Nicola Sturgeon has called on a Tory MSP to retract “appalling” claims that the bedroom tax does not exist.
Michelle Ballantyne, the Tories' social security spokeswoman, made the comments during a meeting of Holyrood's social security committee today. The South Scotland MSP claimed “there’s no such thing as a bedroom tax,” during exchanges with former SNP cabinet minister Keith Brown.
The UK Welfare Reform Act saw housing benefit reduced if the claimant is judged to have more bedrooms than necessary in a move widely labelled the "bedroom tax" by opponents.
Ms Sturgeon told MSPs at First Minister Questions: "I am aware that Michelle Ballantyne, the Tories social security and welfare spokesperson said at a committee at a committee this morning that the bedroom tax does not exist.
“I think that will come as news to the many people who are subject to the bedroom tax - or would be subject to the bedroom tax but for the mitigation action that the Scottish Government is taking to make sure that nobody in Scotland has to pay the bedroom tax."
She called on Tory interim leader Jackson Carlaw to look into the comments.
"It doesn't augur very well if the Tories dont' even understand the basics of what people across the country are experiencing in terms of their welfare policies, then what chance do we have of persauading them to change them. "It's an appalling comment if indeed it was amde and I hope Michelle Ballantyne at retract it at the earliest opportunity. “The Scottish Government has been mitigating the bedroom tax since it was introduced and will spend more than £61 million through Discretionary Housing Payments (DHP) next year to do so again to protect people from this shocking tax that puts people at risk of rent arrears and homelessness.”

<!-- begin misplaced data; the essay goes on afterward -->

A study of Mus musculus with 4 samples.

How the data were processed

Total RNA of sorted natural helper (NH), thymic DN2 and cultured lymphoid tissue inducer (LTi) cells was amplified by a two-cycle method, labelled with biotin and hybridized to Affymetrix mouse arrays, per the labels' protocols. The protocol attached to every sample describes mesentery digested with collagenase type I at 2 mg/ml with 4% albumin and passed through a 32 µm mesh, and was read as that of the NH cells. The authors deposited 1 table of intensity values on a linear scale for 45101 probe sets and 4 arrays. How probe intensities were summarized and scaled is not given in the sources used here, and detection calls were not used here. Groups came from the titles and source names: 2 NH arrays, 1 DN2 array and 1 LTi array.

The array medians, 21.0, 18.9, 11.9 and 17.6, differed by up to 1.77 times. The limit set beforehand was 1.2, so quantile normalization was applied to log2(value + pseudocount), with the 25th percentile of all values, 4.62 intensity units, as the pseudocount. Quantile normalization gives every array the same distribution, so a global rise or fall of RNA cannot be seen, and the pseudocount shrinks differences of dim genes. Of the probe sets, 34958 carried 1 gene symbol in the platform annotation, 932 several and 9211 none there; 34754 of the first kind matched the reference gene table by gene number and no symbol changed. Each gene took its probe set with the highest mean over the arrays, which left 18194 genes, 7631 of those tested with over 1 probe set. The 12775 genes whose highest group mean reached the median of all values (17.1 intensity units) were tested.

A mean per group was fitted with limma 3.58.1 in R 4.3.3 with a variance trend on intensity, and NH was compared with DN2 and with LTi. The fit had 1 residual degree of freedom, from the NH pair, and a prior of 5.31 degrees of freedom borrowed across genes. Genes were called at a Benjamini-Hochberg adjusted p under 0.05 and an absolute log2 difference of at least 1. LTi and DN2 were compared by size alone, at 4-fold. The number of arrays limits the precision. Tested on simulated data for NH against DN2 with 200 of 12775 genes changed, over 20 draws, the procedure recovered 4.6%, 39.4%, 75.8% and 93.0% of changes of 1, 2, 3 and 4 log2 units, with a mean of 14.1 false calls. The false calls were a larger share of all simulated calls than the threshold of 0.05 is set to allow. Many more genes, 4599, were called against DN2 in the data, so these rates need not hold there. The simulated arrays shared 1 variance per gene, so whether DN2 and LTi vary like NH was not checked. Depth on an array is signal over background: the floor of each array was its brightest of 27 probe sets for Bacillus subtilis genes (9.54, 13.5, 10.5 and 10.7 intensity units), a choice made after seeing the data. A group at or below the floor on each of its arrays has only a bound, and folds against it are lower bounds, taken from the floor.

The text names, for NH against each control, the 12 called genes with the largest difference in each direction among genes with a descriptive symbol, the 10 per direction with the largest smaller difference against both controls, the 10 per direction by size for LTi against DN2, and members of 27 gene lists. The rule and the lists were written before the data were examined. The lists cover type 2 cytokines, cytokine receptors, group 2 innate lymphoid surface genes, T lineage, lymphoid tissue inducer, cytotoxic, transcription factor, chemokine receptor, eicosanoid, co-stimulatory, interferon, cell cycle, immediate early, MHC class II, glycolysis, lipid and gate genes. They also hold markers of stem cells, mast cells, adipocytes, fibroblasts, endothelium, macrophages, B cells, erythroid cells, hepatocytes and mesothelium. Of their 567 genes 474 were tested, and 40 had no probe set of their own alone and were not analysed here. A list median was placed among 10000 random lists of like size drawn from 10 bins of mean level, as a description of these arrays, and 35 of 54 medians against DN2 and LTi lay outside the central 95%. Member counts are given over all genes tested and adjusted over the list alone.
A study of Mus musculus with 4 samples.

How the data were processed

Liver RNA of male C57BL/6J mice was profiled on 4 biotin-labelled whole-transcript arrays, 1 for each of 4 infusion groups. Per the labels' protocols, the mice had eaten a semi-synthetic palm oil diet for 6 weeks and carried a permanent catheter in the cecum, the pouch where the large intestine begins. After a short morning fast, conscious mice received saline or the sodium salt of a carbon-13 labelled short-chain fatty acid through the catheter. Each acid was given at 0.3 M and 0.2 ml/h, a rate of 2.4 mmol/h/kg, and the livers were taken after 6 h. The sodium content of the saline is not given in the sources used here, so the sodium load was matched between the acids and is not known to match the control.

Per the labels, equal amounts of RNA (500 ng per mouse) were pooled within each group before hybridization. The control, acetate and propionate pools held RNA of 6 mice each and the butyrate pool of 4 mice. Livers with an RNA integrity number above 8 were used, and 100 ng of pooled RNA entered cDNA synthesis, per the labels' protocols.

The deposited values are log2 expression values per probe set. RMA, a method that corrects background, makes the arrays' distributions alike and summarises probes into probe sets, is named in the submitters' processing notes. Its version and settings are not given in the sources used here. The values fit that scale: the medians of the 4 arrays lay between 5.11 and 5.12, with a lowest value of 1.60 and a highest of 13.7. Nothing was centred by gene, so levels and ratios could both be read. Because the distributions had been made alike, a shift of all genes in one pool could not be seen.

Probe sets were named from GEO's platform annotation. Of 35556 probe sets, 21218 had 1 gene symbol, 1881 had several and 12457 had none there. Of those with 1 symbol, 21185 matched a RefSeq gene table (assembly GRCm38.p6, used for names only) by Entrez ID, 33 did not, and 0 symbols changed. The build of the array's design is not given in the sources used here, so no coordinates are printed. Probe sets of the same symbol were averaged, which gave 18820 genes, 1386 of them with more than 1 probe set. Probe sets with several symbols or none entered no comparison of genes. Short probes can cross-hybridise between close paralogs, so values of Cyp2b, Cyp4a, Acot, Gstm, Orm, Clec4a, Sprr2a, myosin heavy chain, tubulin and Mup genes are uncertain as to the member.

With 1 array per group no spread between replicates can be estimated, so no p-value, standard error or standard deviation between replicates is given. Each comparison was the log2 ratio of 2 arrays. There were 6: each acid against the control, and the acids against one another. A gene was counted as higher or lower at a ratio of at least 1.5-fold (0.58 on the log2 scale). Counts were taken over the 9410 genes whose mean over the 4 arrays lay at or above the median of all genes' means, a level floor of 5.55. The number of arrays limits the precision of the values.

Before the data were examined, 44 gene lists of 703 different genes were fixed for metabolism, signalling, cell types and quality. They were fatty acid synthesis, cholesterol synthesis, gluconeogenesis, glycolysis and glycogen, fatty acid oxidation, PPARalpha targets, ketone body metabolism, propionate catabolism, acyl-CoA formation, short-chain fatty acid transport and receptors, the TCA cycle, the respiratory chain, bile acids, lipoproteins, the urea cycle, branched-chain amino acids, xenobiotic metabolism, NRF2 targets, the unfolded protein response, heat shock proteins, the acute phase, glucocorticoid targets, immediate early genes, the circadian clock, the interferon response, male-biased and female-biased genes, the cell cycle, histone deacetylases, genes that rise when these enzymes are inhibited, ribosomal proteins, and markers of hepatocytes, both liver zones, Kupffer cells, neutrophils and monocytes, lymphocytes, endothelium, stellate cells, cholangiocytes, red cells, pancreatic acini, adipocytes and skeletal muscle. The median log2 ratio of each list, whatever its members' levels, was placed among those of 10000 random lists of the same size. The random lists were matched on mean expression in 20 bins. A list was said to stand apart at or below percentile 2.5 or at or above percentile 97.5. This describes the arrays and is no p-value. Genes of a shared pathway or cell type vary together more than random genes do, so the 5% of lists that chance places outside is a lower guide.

Ms Ballantyne said: “The point I was making in Committee was simply that the “bedroom tax” - as it has become known - is actually the removal of the spare room subsidy on socially rented homes that used to be paid to families receiving housing benefit in socially rented homes where the size of their house was larger than the benefits they were entitled to. If the SNP want to confect a row over terminology that’s up to them.”